There are many species of palm, however, when greenies talk about 'palm oil' they're referring to the oil derived from the fruit of the African oil palm (Elaeis guineensis).
Demand for palm oil in the U.S. has tripled in the last five years, pushing palm oil cultivation into the rainforests and making this crop one of the key causes of global rainforest destruction.
Further loss of forest may push endangered animal species, including orangutans, Sumatran tigers, and Sumatran rhinos, into extinction.
Palm oil is a globally traded agricultural commodity that is used in 50 percent of all consumer goods, from lipstick and packaged food to body lotion and biofuels.
Approximately 85 percent of palm oil is grown in the tropical countries of Indonesia, Malaysia and Papua New Guinea (PNG) on industrial plantations that have severe impacts on the environment, forest peoples and the climate.
Companies sometimes profit from selling logs from the rainforest and then burn the area to make way for oil palms. The associated road-building, soil erosion, air and water pollution, and chemical contamination also have contributed to the loss of wildlife habitat and the displacement of indigenous peoples.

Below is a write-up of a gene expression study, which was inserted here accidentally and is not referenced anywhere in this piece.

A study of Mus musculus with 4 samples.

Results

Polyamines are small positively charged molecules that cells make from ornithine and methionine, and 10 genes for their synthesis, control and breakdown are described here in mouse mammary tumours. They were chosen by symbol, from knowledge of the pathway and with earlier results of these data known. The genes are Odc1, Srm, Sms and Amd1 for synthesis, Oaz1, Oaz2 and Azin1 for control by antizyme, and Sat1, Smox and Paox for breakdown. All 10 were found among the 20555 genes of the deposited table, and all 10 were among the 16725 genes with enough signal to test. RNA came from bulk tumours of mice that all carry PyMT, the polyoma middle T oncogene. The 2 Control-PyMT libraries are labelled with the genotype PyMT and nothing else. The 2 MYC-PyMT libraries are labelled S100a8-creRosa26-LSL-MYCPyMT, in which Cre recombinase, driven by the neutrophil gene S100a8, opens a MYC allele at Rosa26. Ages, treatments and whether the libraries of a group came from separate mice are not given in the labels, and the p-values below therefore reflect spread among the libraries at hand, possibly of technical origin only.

"Consumers should understand that a seemingly small decision in this country—what kind of cookie, cracker, or hand lotion to buy—can have major consequences on the other side of the world," said Brown.
CSPI’s report highlights five endangered animals:
Sumatran tiger: The Sumatran tiger is one of only five remaining tiger subspecies, reduced from eight by recent extinctions. Only 250 of these animals may exist in the wild.
Bornean and Sumatran orangutans: These are the only great apes that exist outside of Africa. Both species are in crisis and may well become extinct within ten years. One study found that the orangutan population decreased by 45 percent in the 1990s, and much of their remaining habitat is slated for conversion to oil palm agriculture.
Asian elephant: Only about 2,900 elephants are estimated to remain in all of Sumatra, 800 in peninsular Malaysia, and 1,000 in Borneo. The home range of one family of elephants is about 25 to 65 square miles, so a breeding subpopulation of 20 elephant families would need to roam over about 500 to 1,300 square miles. Other Asian elephants survive in other countries.
Sumatran rhinoceros: The two biggest threats to the Sumatran rhino are illegal hunting and habitat loss. Road building shrinks the animals’ travel corridors and makes them more accessible to poachers. Their total population is estimated at fewer than 400.
CSPI, Environmental Defense, the International Primate Protection League, Rainforest Relief, WALHI/Friends of the Earth Indonesia, and a dozen other organizations from around the world are urging the International Monetary Fund, the World Bank, and other international aid agencies not to fund oil-palm development projects.